Books I don’t need but still buy

Over the last few days, as is my wont, I bought some used books. Some came from a book stall at the fair that happened this past weekend in my neighbourhood, others from charity shops.

Here are the history-relevant recent purchases:


I read Ray Page’s book ages ago, and although I’m sure it’s out of date now, hey, it was £1 and it will be handy to look some things up for someone who is not a runes guy. And I gueess I do tutor the impact of Empire part of the history GCSE, so a big illustrated book about it could come in handy.

I have no earthly use for a collection of engravings from 17th-century alchemical texts. But it was £1 and they’re so cool.

This … is the kind of thinking that has led me to own a lot of texts relating to esotericism and the occult.


Well, I say “lots.” It’s obviously not “lots” by the standards of someone who actually studies the subject, but I’m not that. And insofar as I care about magical and supernatural beliefs — and I do — the things I care least about are alchemy and sort of 18th-19th century ritual magic. And yet I do keep acquiring books about them.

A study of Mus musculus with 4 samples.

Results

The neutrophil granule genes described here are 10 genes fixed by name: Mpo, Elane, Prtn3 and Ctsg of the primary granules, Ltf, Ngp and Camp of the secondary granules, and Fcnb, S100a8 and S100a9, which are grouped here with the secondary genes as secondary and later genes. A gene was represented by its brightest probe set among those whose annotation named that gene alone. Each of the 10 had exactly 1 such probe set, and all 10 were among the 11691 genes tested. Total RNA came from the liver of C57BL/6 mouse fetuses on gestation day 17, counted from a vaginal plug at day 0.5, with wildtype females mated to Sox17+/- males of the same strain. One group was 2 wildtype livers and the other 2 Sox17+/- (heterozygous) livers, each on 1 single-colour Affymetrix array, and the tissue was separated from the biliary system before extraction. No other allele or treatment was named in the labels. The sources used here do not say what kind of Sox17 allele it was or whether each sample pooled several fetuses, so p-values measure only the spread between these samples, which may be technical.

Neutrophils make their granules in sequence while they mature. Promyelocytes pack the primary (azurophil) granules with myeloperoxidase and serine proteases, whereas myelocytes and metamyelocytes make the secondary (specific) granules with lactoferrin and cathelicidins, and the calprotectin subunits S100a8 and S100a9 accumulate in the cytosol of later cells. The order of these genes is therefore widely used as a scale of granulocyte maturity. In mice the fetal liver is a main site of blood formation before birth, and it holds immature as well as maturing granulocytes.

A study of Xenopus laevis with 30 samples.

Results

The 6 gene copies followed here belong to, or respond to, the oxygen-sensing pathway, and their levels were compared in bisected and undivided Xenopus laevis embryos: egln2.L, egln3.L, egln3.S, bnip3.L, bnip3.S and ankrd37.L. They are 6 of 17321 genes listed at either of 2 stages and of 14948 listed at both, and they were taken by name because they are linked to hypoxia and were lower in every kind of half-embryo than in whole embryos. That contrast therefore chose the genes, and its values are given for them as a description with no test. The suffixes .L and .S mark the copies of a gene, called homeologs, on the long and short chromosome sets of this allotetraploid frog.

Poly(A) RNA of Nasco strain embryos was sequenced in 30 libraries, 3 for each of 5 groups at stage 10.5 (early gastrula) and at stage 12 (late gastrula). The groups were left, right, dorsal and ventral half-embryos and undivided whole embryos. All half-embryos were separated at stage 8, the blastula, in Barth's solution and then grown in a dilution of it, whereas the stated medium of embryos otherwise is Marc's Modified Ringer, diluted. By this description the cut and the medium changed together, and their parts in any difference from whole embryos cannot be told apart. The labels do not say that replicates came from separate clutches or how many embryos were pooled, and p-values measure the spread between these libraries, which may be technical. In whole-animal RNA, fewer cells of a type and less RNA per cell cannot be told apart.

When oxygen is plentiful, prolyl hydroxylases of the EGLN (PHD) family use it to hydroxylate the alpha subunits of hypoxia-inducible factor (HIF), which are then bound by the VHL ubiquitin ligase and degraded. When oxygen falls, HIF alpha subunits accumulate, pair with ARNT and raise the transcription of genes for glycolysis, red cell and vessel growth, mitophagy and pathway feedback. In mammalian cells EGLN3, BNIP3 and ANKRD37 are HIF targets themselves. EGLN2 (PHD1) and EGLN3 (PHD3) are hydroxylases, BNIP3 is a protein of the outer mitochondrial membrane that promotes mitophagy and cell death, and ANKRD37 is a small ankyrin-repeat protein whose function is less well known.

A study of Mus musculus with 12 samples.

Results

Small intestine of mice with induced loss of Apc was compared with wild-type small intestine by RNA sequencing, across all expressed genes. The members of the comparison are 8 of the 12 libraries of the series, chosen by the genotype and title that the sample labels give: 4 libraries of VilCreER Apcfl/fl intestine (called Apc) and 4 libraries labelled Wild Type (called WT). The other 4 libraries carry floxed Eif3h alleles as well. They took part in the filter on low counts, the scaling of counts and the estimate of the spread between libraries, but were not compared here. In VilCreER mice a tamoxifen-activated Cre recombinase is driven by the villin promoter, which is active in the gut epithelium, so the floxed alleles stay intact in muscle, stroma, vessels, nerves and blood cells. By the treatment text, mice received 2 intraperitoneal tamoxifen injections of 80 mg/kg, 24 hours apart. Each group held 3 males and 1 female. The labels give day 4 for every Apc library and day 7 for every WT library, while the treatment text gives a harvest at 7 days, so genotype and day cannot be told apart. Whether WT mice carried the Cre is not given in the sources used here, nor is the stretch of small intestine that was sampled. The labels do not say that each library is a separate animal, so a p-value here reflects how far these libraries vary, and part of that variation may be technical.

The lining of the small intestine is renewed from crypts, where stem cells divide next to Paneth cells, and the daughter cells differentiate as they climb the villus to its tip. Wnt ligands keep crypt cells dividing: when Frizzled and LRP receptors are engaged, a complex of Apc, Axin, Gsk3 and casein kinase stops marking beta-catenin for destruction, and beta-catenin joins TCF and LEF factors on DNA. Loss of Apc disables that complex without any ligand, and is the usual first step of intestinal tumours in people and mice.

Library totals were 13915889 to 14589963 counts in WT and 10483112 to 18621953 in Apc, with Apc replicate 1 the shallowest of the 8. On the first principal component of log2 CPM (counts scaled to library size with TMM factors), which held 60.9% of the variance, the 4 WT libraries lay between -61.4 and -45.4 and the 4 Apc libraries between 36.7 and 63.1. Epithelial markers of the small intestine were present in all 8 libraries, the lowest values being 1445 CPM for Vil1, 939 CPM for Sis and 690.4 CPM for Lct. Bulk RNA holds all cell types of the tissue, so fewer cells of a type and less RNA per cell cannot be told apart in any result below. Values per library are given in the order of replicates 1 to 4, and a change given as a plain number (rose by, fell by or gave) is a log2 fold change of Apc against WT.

Partly it’s because there are a lot of books out there on the topic, and partly, I think, it’s because they look so cool. I can’t pass them up!

I suppose it does provide lots of material and cool set-dressing for other creative endeavours, but I do worry that people will get the impression that I’m some kind of genuinely knowledgeable occulty type, when I’m just a sort of aesthetic dabbler.

Books I don’t need but still buy

4 thoughts on “Books I don’t need but still buy

  1. Interesting! I’ve never really… encountered anyone buying books like that. But I would have to agree with you, it IS a pretty interesting subject. Do you ever plan on, you know… reading them? I mean, at least perusing?

    1. Oh, sure. I mean, it’s not like I haven’t glanced at them. I’m curious about the subject, and I probably have a better grip on it than the average layman. It’s just that I’m not really interested in becoming an expert on the subject, so I’m not sure why I need to *own* a bunch of books about it. I have used a few of them more extensively — I used Scot’s

        Discoverie of Witchcraft

      and the


      in a talk I gave about 17th-century witch trials. But that’s still not quite the kind of formal ritual magic covered by half those books.

      1. I suppose then it’s sort of like… interior elements then? 😀 you know, some people buy books just so they’d look pretty, without the intention to ever really open them (I know, OMG!), so it’s really not so bad in your case 😀

  2. Oh, sure. Most of my books are bought with the understanding that I’m going to use them for researching something *some* day. I guess this is just a collection that hasn’t really found its purpose yet.